Moving to the cloud means organizations no longer need to manage as much infrastructure as they did before. While they do need to manage workloads and applications, they are out of the day to day operational game of managing things like compute, network, and storage hardware when they move to the cloud. However, this doesn’t mean customers no longer need to worry about core infrastructure qualities like availability.
Types of Cloud Availability
When we think about the cloud, especially a provider like AWS, we have two different interpretations of the word availability to think about.
- AWS’ availability to our applications
- The availability of our applications to our customers
As cloud architects, we must keep both types of availability in our minds. Let’s start by thinking about how some organizations consume the cloud, and how consumption models can impact different types of availability.
The Cloud Journey
The cloud journey is different for many organizations, however we can talk generally about two different use cases:
- Bursting to the cloud for particular applications, or using the cloud for intense data processing
- Re-architecting applications with a cloud native architecture in mind
The Cloud Native Future
Let’s start with the second use case. In this case, we are fundamentally building availability into our application, we may not care if we have a cloud instance fail, because we’ve ensured another instance will be spawned or take over. We have also ensure the data the instance has is taken care of, whether it be through a database or a replica. In this case, many may not be concerned with backing up or restoring a particular cloud instance. They have designed their environment to be able to withstand a failure of a component, and not really care about it. The business and applications will keep on running. When we look at the two different types of availability in this situation, we are covered on both ends, provided we have architected our application to run in multiple AWS availability zones.
This is a good place to be, but many organizations are not here yet. There are many who are still dipping their toes into the cloud, so to speak.
Cloud as an Enabler
Now, let’s look at the first use case. These cloud journeys begin with the desire to to manage less infrastructure on premises. They may not need extra compute power all of the time, but when they do, they use the cloud instead of letting hardware collect dust in the datacenter. In this case, the cloud is enabling them to do things they could not before. This is one of the most common cloud use cases, and how many organizations begin to consume a service like AWS.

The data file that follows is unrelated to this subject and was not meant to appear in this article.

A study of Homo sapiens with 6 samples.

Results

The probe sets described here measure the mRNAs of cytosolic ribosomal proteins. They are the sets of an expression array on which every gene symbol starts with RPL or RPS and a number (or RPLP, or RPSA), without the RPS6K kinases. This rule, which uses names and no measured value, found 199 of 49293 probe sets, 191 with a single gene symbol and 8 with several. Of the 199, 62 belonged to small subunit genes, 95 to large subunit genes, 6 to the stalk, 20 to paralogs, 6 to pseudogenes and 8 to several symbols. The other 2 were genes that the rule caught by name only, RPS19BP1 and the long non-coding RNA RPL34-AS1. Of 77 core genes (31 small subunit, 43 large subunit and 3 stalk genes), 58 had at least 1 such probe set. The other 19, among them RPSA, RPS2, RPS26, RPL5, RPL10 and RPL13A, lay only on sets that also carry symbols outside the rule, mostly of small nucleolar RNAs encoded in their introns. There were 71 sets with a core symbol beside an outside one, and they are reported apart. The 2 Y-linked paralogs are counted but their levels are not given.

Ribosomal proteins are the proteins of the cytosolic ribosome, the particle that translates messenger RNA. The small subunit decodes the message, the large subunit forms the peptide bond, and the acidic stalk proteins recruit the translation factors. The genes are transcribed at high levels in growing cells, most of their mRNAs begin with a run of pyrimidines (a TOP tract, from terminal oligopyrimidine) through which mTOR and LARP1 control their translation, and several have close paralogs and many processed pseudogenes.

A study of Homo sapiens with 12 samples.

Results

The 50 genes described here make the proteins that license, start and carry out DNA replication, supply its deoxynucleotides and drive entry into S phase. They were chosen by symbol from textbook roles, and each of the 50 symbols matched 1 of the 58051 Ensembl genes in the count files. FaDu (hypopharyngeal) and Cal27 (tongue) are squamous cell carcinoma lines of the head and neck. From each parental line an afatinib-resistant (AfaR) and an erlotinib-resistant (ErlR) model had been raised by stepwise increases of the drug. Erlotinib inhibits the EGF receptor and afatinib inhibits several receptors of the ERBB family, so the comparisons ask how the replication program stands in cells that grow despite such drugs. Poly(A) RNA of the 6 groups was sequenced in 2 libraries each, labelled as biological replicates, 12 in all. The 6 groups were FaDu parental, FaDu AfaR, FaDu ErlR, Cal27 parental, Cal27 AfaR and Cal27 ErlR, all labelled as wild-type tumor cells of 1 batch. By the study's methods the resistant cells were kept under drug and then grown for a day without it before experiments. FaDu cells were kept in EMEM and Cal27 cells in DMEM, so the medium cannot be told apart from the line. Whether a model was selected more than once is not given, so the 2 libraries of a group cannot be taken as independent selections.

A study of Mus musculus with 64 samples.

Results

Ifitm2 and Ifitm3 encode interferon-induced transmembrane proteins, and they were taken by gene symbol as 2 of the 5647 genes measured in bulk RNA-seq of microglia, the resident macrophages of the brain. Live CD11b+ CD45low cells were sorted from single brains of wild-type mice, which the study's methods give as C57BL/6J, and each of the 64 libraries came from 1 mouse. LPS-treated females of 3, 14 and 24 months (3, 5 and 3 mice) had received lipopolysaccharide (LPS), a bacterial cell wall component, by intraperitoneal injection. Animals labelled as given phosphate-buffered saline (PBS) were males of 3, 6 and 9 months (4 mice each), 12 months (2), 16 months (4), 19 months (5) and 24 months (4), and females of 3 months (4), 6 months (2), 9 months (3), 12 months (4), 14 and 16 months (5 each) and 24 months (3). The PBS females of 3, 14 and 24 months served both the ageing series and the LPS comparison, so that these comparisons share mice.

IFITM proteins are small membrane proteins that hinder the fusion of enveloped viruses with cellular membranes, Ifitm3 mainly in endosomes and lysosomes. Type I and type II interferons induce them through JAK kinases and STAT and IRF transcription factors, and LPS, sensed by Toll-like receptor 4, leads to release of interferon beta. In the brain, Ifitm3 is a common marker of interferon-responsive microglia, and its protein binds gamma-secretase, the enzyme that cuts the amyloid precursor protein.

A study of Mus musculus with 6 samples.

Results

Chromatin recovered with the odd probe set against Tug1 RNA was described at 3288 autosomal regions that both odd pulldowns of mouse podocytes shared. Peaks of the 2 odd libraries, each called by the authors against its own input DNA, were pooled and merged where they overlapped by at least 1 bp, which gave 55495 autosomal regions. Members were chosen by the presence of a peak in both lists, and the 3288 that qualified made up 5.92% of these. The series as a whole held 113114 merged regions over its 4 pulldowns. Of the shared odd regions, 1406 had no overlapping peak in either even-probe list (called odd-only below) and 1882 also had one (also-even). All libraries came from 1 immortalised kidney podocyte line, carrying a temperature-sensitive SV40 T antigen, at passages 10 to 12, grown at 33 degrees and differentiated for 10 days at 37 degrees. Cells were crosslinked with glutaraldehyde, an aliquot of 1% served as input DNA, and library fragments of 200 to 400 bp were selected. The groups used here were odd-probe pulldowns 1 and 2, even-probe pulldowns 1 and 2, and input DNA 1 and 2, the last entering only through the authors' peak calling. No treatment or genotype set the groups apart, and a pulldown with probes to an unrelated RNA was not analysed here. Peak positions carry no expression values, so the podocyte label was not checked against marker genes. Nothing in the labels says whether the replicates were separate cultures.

In this case, we do often care about our cloud instances. The applications may not have yet been re-architected to take advantage of all the resiliency features AWS can provide. We are leveraging the cloud because we need power, and we need it now. We are not working about the availability of our infrastructure in this case, because it is provided by AWS. We are however, worried about the availability of our applications and workloads in case something happens.
So now what? How do we protect our cloud instances? How do we train our staff on yet another tool? Wasn’t training them on the cloud hard enough?
Enter Veeam. More specifically, Veeam Availability for AWS. This is one upcoming solution for this problem. This will allow organizations to leverage AWS snapshots, similar to the way they backup and recover their traditional virtualization environments of today.
Consume the Cloud Responsibly
It is important to remember the cloud is just someone else’s server. While you are getting out out of infrastructure availability, you still need to be concerned with the availability of your applications to your customers. Would you build a virtualization environment on premises and not back up your virtual machines? Of course not. It is important to remember design still matters, even in the cloud.